An operating under the influence charge in Massachusetts is a criminal offense, which is usually handled in District Court. Some of the more severe OUI offenses are handled in Superior Court in Massachusetts. During the court process, you must go through numerous steps before there can be a final decision or resolution in your case.
The first step in the court process is an Arraignment. Anyone charged with any crime will be given a date where they must appear in court. The same goes for an OUI charge because it is a crime. The Arraignment is the court appearance where the court will formally inform you of the charges against you. at this proceeding, a Not Guilty plea will be entered on your behalf. Additionally, the court will determine what bail should be set in your case and who your attorney will be. Here, the court will decide whether to release you on personal recognizance (your promise to follow all federal and state laws and return to court), to set a cash bail, or impose conditions on you being released on bail. After the Arraignment, you are usually given a Pretrial Conference date to come back to court.
The next step is the pre-trial conference, usually scheduled 4-8 weeks after your arraignment depending on the court. This initial period is called the discovery period and it allows us to gather all materials related to your case, hire an investigator, if necessary, formulate a strategy/case theory, and keep you informed about any updates. At the Law Office of David Ellison, we pride ourselves on being transparent and accessible to our clients. So during this discovery period, you will receive all your case materials as we get them.
Furthermore, the pre-trial conference is essentially a way for both the defense attorney and the prosecutor to ensure they have all the case materials and discovery. Additionally, this is where both parties have the chance to either obtain any additional information needed or try to agree to a possible resolution for the case. That possible resolution could be a plea in the case. Lastly, there is not just one pre-trial conference; there can be numerous.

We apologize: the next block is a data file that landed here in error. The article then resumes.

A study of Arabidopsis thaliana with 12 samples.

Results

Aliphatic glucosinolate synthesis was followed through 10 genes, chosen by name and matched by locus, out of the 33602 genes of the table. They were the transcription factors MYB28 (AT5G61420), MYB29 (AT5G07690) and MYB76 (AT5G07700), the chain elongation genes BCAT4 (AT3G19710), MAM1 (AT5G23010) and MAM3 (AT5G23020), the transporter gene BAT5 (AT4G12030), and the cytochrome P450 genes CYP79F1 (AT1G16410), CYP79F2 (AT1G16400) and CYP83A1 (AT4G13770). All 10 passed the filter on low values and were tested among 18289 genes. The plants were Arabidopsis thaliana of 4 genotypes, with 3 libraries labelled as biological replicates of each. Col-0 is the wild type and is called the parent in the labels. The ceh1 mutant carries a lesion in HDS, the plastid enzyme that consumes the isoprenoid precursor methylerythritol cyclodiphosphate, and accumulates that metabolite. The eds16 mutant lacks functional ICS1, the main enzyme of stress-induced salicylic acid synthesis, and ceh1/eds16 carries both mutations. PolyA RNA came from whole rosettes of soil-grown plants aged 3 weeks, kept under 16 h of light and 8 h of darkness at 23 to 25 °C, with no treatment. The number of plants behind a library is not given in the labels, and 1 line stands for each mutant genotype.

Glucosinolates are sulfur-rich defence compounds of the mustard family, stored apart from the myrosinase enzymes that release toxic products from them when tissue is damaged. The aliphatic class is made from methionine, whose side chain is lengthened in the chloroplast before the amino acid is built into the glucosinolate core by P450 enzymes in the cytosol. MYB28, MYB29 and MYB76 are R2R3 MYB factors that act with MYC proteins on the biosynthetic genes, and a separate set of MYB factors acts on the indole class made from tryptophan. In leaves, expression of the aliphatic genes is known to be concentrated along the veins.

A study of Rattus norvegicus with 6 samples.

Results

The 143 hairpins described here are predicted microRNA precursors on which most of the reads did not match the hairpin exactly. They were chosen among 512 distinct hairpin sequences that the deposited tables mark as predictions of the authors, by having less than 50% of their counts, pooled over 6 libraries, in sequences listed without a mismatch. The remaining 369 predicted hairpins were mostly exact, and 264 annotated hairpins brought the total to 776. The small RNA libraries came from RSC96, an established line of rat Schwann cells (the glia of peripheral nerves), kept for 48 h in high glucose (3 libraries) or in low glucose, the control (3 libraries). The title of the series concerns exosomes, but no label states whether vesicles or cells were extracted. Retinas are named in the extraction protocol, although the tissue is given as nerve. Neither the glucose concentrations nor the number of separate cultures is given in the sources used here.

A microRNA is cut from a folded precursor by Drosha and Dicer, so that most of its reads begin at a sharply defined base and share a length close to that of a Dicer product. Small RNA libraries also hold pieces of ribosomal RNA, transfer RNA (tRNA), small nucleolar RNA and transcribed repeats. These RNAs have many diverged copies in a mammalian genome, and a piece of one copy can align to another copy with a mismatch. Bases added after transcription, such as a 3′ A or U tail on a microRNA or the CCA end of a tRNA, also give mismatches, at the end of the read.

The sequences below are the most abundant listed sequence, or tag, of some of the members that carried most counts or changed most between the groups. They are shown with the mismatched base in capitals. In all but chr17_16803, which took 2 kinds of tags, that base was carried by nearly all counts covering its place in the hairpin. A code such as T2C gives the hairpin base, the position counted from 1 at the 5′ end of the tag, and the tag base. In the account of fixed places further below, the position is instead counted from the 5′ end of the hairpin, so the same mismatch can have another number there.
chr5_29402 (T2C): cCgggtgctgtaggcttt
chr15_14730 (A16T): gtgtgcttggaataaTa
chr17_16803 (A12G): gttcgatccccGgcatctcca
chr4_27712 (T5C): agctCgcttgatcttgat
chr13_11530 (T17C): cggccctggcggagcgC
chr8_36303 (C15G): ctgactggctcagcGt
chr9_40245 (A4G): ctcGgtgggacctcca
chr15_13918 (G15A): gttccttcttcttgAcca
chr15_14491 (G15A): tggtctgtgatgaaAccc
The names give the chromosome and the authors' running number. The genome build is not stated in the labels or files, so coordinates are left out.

MOTION TO SUPPRESS HEARING:
The next step would be a motion hearing. There are plenty of motions, but the most important is the motion to suppress potential evidence in the case. A Motion to Suppress is when you ask the court to suppress evidence against you because your rights were violated. If you are successful at a Motion to Suppress, the prosecution can't use that evidence against you at trial.
The last step in the court process is a trial. An OUI trial is usually relatively short and only lasts about a day or two. The trial can be a bench trial, which is a trial in front of a judge who decides whether you are not guilty or guilty. The trial can be a jury trial where a jury consisting of people from the community determine whether or not you are guilty and a judge only presides over legal issues. For both a bench trial and a jury trial the prosecution must prove you are guilty beyond a reasonable doubt. They must prove each of the elements of an OUI. Furthermore, the kind of trial you should choose if you get to this step all depends on the facts of your case and the evidence against you.
If you are charged with an OUI, you do not have to fight your case alone in court. You can have an experienced Massachusetts OUI lawyer represent you along the way. Attorney Ellison has represented numerous clients on OUI charges throughout his career. You can contact him today.